By Edd K. Usman
The Department of Information and Communications Technology (DICT) on Thursday, Oct. 19, cited the Philippine Software Industry Association (PSIA) for helping generate almost $3 billion in revenues and 120,000 jobs in 2015.
DICT secretary Rodolfo A. Salalima told participants at SoftCon.PH 2016 at the Marriott Grand Ballroom that the software sector continued to exhibit one of the fastest growths in the local IT-BPM industry in the last five years. IT-BPM is information technology-business process management.
SoftCon.PH, meanwhile, is the PSIA’s annual conference. Tech leaders, software developers, and other stakeholders of around 450-strong attended the one-day event in Pasay City.
“We finally breached the $2-billion mark in revenues and we now employ more than 120,000, as of last year,” he said in a speech read for him by DICT executive consultant Monchito Ibrahim.
The DICT chief projected the sector will need at least 30,000 new developers in the next four years as the Philippines scales up the value chain in the global IT services market.
Despite the bright outlook, he also pointed out that there is still “a long to go to overtake the global market leader, but I’m sure we will be able to close the gap,” referring to India.
“And with a partnership such as ours, we are confident that we would be able to move Philippines to become a leading global digital economy,” he said.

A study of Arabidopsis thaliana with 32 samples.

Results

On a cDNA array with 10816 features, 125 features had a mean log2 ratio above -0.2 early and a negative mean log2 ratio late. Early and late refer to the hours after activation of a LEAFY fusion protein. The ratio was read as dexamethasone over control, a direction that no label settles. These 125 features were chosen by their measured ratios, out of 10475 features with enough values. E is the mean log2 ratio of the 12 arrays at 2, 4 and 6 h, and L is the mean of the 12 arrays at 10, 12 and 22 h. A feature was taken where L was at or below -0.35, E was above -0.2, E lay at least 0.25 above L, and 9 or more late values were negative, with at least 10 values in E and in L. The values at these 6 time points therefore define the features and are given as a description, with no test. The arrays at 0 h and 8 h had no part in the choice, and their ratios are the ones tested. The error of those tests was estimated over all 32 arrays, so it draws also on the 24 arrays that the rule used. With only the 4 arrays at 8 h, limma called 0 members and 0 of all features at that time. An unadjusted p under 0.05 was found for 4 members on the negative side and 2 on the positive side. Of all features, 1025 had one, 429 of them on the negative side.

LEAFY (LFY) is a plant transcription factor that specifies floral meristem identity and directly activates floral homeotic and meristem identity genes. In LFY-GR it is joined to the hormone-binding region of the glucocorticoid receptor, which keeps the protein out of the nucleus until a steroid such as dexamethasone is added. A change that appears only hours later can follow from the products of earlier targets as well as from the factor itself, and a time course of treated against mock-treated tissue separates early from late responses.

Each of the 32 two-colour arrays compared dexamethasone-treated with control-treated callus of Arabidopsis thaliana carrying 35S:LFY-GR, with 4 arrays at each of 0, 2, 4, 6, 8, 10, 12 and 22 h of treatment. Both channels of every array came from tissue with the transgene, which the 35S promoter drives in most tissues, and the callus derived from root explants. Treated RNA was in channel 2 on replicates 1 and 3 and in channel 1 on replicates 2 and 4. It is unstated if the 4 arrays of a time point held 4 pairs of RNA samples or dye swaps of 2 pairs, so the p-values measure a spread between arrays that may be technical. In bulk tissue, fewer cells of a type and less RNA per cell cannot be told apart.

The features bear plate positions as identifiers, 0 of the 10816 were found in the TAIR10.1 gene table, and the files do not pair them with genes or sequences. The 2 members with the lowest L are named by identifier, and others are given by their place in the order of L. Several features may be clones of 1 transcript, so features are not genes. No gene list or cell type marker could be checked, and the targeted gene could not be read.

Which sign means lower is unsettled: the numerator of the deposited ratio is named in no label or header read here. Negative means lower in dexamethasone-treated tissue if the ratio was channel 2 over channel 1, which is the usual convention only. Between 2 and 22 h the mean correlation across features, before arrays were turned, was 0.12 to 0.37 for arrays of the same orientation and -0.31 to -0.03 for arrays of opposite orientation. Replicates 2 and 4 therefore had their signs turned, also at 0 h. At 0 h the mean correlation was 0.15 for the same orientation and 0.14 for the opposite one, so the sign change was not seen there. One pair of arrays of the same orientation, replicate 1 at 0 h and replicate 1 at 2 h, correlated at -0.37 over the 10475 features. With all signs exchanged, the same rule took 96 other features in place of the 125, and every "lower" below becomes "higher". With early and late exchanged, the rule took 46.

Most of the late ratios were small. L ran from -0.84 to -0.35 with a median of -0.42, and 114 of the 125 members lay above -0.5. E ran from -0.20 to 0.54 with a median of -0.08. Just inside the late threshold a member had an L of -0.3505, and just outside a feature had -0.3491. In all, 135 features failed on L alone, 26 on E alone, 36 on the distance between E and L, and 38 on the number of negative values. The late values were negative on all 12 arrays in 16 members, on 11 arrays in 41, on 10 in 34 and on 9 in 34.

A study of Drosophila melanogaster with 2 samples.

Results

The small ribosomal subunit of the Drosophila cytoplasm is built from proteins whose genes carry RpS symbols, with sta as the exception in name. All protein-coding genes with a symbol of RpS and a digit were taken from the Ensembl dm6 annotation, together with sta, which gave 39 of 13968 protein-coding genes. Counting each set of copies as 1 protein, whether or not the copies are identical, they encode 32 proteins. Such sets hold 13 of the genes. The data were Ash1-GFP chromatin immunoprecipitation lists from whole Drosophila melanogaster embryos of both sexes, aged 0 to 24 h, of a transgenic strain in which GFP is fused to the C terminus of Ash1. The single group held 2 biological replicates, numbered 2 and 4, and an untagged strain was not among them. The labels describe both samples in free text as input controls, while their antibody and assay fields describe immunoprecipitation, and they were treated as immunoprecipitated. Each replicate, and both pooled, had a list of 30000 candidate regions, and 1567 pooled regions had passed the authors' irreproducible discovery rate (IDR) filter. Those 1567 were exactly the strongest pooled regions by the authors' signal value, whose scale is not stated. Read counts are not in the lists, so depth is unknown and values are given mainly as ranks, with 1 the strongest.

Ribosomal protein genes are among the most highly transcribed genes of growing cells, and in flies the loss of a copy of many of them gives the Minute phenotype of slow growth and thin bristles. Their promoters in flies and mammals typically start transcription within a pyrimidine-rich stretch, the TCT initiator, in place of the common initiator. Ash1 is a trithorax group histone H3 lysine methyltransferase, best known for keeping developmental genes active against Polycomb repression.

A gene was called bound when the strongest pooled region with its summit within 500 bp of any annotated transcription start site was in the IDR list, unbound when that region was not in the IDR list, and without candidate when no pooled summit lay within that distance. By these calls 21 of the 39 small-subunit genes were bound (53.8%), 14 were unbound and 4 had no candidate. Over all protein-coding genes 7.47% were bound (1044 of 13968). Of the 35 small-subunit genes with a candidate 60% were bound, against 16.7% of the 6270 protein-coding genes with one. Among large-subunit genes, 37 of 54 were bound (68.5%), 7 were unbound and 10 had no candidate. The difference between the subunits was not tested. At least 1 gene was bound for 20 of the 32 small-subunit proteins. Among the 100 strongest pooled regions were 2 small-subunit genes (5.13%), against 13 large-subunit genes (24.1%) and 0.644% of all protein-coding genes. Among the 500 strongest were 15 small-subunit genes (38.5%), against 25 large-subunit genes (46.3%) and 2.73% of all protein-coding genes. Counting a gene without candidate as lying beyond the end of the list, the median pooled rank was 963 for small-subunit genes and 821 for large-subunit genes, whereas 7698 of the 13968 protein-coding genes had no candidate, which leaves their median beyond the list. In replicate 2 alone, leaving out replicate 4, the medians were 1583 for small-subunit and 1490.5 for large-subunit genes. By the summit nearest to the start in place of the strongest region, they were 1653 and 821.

He further noted the industry’s breakthrough in making inroads in new markets, while at the same time cementing its presence in traditional markets like the United States and Japan.
“It is our shared aspiration to make the IT-BPM industry the biggest wealth creator and contributor to the national GDP (gross domestic product),” said Salalima.
Jonathan de Luzuriaga, president of PSIA, said the sector is looking at doubling the almost $3 billion revenue by 2022 to $5.7 billion to $7 billion. “We are looking at stretching our advancements all the way to 2022,” he said.
For that to be accomplished, Luzuriaga said there should be stronger collaboration between the academe and the industry to undertake the following activities:
? Improve the ?hireability? and skill sets of some 70,000 software developer-graduates yearly;
? Provide better incentives for foreign IT companies so they will come in; and
? Establish new Filipino companies that create Intellectual Property (IP) in software applications and supply the software needs of other nations.
“It is of prime importance then for DICT to work closely with PSIA to ensure that the industry growth drivers are in place,” said Salalima, noting that the DICT is a co-organizer of the event.
He also announced the launch next week of the IT-BPM industry?s ?Roadmap 2022,?, which the PSIA and the DICT co-drafted.
“We certainly hope that by closely working together, we would be able to achieve all the targets we have set upon ourselves to greater growth for this industry.” said Salalima.
The DICT chief also revealed that agency has started defining its own organizational structure to make it more attuned to the country’s aspirations for the digital economy.
“This early, we are committing to continue supporting PSIA’s initiatives to further grow its global footprint including that of Sodec Japan. We intend to continue working with you in the development of an appropriate ecosystem to grow our digital startups,” Salalima said.
He further announced the DICT’s creation of new programs, including regional coding bootcamps, university level programming competitions, and other initiatives to help develop more qualified workers for the PSIA’s sector in the IT-BPM industry.